This is a simple question but one which greatly confuses me. When you have a PKC, the public key can be accessed by anyone. Therefore, doesn't this mean that anyone can encrypt data? My question is basically that if you have such a scheme where the public key is used to encrypt some instructions, the receiver can end up decrypting rogue instructions does it not? In such case, the receiver would need to do some security checks upon decrypting the message.

Looks like the PKC's purpose is purely the security of the message itself, and not the actual integrity of data.

  • Both answers here are mildly misleading. Signing is not the same as "encrypting with private key". Please read this, this and this if you want to avoid confusion. Commented Aug 10, 2017 at 15:40

2 Answers 2


Your concern is misplaced though everything you wrote was technically correct. The tricky part of understanding PKI is seeing how each type of protection is gained.

If a sender wants to ensure that a message can only be read by the intended recipient, the sender uses the recipient's public key. In this way, no one else can decrypt the message since the complimentary private key is secret and the sender has gained confidentiality.

If the sender can also provide the recipient with confidence that the message was created by the specific sender (non-repudiation) and has not been tampered with since the sender created it (integrity) by making a hash of the message, encrypting the hash with the sender's private key and attaching the encrypted hash to the encrypted message. Since the decryption of the hash can be performed with the sender's public key, the recipient can decrypt it and confirm the hash against the message. The encrypted hash is called a digital signature since it ties sender to message.

[NOTE: The message and the hash are not encrypted with the same or even related keys. The message is encrypted with the recipient's public key while the hash is encrypted with the sender's private key.]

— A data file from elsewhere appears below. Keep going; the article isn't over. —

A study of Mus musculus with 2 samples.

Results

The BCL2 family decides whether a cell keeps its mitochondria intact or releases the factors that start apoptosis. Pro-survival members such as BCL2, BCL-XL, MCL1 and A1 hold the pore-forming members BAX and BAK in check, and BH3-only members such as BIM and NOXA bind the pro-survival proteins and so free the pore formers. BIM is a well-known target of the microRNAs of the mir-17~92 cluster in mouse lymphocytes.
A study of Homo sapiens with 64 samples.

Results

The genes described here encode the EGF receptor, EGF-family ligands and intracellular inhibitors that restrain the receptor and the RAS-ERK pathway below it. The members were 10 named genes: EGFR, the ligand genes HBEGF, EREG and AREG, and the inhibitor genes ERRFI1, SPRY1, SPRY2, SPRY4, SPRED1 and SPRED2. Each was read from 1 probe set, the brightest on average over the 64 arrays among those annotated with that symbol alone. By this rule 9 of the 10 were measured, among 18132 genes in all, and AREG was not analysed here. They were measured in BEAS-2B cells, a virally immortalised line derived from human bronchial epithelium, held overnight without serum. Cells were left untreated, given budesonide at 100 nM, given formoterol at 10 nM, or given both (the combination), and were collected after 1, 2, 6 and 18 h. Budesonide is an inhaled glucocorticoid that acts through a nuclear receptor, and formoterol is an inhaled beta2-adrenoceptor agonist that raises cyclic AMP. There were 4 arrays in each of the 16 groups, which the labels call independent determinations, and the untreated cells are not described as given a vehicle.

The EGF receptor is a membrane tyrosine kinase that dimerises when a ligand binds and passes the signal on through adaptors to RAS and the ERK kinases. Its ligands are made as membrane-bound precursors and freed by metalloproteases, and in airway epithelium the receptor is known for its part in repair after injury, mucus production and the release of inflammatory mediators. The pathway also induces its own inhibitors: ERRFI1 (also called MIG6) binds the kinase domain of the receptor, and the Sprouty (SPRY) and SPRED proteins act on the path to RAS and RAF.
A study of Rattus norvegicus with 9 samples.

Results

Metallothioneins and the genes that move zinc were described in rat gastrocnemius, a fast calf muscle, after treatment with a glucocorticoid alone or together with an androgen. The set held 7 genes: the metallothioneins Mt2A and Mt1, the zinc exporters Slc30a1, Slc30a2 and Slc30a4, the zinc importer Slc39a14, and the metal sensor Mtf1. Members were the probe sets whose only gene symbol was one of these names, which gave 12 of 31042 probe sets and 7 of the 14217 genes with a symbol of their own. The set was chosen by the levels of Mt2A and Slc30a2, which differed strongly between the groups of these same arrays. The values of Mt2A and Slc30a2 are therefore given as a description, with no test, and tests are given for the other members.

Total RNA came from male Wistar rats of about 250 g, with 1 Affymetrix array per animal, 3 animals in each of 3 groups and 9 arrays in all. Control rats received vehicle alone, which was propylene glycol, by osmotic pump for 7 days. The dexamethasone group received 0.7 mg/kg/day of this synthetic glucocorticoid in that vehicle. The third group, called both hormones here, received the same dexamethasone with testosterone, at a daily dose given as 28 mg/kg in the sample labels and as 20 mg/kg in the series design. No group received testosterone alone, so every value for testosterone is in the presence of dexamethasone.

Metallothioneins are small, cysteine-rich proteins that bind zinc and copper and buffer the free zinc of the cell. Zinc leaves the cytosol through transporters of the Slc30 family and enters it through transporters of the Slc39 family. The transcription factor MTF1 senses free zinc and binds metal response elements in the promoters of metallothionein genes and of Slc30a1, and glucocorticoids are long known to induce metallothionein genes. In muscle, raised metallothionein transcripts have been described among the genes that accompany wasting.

Both integrity and non-repudiation can be strengthened by using a time-stamp server. This is a lesser know but very valuable step in which the sender sends the hash to a trusted server (typically a third-party commercial service) which replies with the hash and a time-stamp encrypted with its private key. The sender then encrypts that response and sends it as his signature.

With all those steps, the recipient knows:

  1. No one but the sender has seen the contents;
  2. Only the sender could have sent the message;
  3. The message is unchanged since the sender signed it
  4. When the sender signed it.

All of this assumes that both recipient and sender have maintained the confidentiality of their private keys. With this assumption, the recipient can not deny having sent the message and, if time stamped, having sent it at the time indicated by the time stamp.


Yes, anyone can encrypt with a public key but the use of keys in this case isn't for non-repudiation i.e. proving who sent, but only ensuring that only a specific recipient can decode and read the plain text i.e. that any interceptor of the message can't read it. This is the confidentiality part.

In order to ensure that the receiver can trust the sender, the sender needs to sign the encrypted file in some way, i.e. use some system to prove to the recipient that one person sent the file and that sender can be 'proven'. In public key systems this is done by the sender hashing the file they have encrypted and then encrypting that hash with their private key. The receiver then uses the public key of the signer/sender to decrypt the encrypted hash and comparing it with the hash they generate from the decrypted file, and, because only the sender can have created that hash, the receiver knows, beyond doubt, that the sender was the person who they said they were. This is the integrity part.